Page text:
Updated on October 31, 2012

The Council of Better Business Bureaus recently reported that the number of home repair scams has increased by 60% over the last five years. Not surprisingly, most of the cases involved senior citizens who were ripped-off by at-home in-person solicitors who promised to make repairs after receiving an up-front payment. The scammer usually offers a lower price than what is usually charged to lure the unsuspecting homeowner. The scammer then demands an up-front payment to “buy supplies” and to begin the work. Once the homeowner pays the up-front fee, the scammer either disappears without doing any work OR does substandard work with substandard materials. In either case, the homeowner gets ripped-off.

The most common scams involve roof leaks, plumbing, chimney sweeps, mold, and termites. Here are a few things you can do to avoid getting scammed.

  • Use only licensed and bonded contractors.
  • Get multiple estimates and conduct a price comparison.
  • Get references from the contractor.
  • Check the contractor’s rating with your local Better Business Bureau.
  • Get a contract for services in writing.
  • Read the contract carefully before signing
  • Never make an up-front payment
  • Make a payment only after the work is completed OR make partial payments as the work is completed.
  • Check the contractor’s work before making a payment.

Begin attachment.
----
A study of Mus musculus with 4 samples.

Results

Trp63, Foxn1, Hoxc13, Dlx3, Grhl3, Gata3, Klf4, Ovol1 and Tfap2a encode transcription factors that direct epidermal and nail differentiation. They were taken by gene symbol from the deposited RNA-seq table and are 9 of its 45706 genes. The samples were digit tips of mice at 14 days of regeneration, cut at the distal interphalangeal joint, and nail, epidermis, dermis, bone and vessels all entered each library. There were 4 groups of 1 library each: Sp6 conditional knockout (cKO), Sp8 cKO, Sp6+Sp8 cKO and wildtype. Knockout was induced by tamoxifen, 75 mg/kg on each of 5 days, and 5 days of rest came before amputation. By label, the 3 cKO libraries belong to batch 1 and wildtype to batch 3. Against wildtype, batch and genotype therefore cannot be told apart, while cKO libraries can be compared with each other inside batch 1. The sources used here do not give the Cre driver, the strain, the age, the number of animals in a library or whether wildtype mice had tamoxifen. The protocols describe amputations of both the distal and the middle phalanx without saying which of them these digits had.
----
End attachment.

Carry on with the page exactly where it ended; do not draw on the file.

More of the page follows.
The information in this article is for general information purposes only. Nothing on this or associated pages, comments, answers, or other communications should be taken as legal advice. The information provided is not intended to create, and viewing of this information does not constitute, an attorney-client relationship.


      Bahin Ameri 5 years ago from California

      Sorry this has happened to you. If it makes you feel any better, I was also scammed a few years ago by a roofer who totally overcharged me for a new roof which I did not need. Stupid scammers! At least we have learned our lesson.

    • teaches12345 profile image

      Dianna Mendez 5 years ago

      I wish I would have read this years ago when I was taken by a contractor. Agree, please, please do not pay money up front! Hope this saves others from the same mistakes.

    • Blawger profile image

      Bahin Ameri 5 years ago from California

      You bring up a very good point. Sometimes paying up front is totally appropriate. For example, when I got wood floors we had to pay for the wood panels in advance. But like you said, we had checked the contractor's references so I had no problem paying for supplies in advance. Thank you for reading and leaving a comment.

    • rfmoran profile image

      Russ Moran 5 years ago from Long Island, New York

      Very useful hub. If you get goog references, an upfront payment may not be a terrible idea because the contractor does need to lay out money. Seniors, it is true, are the predominant victims of sleazy creeps.

    • Blawger profile image

      Bahin Ameri 5 years ago from California

      Thank you for reading and leaving a comment. It is sad when people are taken advantage of. I think the best way to protect oneself is to get multiple estimates and to only pay when the work is complete.

    • Patty Kenyon profile image

      Patty Kenyon 5 years ago from Ledyard, Connecticut

      Both Interesting and Useful!!! It is truly sad when someone would treat others as prey!! Thank-you for sharing and I am sure many will find this useful!!!